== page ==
April 6, 2015

Thomas Jefferson School of Law Dean Thomas Guernsey announced the results of the First Annual Jameson Crane III Disability and the Law Writing Competition. “We were gratified to have received 27 submissions for the competition,” said Dean Guernsey. “The competition was keen.”

The first place prize was awarded to Margaret Condit, a J.D. candidate from Loyola University Chicago School of Law, for her paper titled Remember the IDEA: A Call for Courts to Apply a Piecemeal Approach to Transition Litigation. The first place winner will receive a $1,500 cash prize.

There were two second place prizes awarded. One second prize went to Ruth Hocker, a J.D. candidate at William and Mary Law School, for her paper More than a Consolation Prize: Using Section 504 to Advance Special Education Rights. The other second prize went to Doron Dorfman, a J.S.D. candidate at Stanford Law School, for his paper Conflicts between Private and State Disability Identities: Perceptions of the Procedural Justice of the Disability Determination Process. Each second place winner will receive $1,000.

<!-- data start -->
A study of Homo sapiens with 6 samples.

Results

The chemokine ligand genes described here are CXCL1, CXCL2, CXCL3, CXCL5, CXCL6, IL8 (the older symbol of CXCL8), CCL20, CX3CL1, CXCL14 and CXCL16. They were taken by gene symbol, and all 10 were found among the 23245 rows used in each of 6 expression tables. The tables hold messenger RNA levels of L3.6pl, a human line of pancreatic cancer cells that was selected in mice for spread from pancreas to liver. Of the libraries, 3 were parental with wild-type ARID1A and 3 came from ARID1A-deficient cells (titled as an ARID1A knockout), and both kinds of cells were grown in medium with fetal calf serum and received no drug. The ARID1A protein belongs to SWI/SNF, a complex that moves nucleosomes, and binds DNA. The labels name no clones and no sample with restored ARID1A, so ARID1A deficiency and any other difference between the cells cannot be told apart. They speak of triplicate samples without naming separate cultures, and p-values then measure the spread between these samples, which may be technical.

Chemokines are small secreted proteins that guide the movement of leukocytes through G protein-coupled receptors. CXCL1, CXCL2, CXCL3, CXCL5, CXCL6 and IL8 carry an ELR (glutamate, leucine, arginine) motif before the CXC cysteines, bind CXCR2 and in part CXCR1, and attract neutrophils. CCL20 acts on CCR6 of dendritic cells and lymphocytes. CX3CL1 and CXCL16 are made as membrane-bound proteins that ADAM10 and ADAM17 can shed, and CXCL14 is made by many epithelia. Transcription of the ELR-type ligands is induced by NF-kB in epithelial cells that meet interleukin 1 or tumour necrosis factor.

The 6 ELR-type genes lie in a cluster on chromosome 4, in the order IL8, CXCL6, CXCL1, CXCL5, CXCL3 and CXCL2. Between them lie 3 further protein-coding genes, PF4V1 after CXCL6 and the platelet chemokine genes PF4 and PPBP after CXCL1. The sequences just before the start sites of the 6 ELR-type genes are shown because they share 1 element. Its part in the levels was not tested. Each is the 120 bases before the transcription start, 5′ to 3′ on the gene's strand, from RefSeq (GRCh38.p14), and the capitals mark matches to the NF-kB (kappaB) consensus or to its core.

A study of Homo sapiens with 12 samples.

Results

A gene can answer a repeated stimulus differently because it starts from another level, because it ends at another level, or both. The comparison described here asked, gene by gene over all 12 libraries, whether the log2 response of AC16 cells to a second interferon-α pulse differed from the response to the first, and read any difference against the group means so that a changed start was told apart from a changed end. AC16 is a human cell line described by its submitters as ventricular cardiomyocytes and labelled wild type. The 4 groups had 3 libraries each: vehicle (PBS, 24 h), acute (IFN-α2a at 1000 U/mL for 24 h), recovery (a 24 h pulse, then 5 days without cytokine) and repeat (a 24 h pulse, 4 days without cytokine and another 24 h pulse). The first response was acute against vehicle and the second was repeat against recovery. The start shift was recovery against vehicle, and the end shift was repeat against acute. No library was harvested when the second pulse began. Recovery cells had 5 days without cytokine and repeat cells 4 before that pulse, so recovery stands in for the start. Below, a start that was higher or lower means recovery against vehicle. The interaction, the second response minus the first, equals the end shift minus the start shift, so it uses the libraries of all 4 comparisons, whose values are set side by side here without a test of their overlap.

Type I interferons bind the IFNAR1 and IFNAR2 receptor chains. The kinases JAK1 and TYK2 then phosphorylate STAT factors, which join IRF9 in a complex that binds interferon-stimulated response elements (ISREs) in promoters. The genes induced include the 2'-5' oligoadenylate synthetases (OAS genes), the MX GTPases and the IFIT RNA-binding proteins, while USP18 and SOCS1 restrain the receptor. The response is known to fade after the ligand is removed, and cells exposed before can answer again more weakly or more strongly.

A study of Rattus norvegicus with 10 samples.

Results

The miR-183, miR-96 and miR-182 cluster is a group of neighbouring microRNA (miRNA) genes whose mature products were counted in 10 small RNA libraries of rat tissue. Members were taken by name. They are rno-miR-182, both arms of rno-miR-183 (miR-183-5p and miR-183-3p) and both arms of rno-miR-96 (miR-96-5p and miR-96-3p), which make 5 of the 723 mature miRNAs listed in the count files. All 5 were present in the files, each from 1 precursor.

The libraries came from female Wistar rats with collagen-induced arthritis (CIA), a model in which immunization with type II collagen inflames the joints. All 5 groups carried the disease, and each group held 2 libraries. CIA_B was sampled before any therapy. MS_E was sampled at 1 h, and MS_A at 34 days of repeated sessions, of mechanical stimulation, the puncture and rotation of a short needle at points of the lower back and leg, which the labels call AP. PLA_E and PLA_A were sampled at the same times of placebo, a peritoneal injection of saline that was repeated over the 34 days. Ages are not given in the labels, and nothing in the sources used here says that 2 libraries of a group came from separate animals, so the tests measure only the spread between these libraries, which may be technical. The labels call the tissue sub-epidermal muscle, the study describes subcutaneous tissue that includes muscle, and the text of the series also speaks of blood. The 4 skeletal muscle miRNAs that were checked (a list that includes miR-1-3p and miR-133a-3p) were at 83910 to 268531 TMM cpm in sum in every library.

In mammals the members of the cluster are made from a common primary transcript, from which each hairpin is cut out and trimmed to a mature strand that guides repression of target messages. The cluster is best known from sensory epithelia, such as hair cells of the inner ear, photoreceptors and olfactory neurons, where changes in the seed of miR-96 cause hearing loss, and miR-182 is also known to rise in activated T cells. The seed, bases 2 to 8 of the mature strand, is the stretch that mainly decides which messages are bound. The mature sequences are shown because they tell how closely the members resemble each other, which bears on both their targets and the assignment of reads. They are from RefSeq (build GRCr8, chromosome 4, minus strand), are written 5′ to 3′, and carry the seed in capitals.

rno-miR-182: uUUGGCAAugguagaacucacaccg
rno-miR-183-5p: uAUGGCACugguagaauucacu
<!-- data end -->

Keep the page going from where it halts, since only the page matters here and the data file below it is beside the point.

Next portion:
Submissions were judged anonymously in two rounds. “Our panel of judges was comprised of three law professors who are noted scholars in disability law and a lawyer who is active in organizations serving those with disabilities,” said Professor Susan Bisom-Rapp, who coordinates the competition. “The judges were very impressed with the quality of the submissions.” The Thomas Jefferson Law Review will consider all the winning submissions for publication.

Made possible by the generous gift of Thomas Jefferson alumnus Jim Crane ’13 and his family, the national competition aims to encourage outstanding student scholarship at the intersection of law and medicine, or law and the social sciences. Open to currently enrolled U.S. law students, medical students, and doctoral candidates in related fields, the competition promotes understanding of legal issues related to disability, furthers the development of legal rights and protections, and improves the lives of those with disabilities.

“The Crane competition demonstrates our law school’s commitment to excellence in legal and policy analysis for underserved populations,” said Dean Guernsey. “Improving life for the disabled requires changing attitudes and assumptions. Our hope is that the Crane competition will provide a forum for such change,” he noted.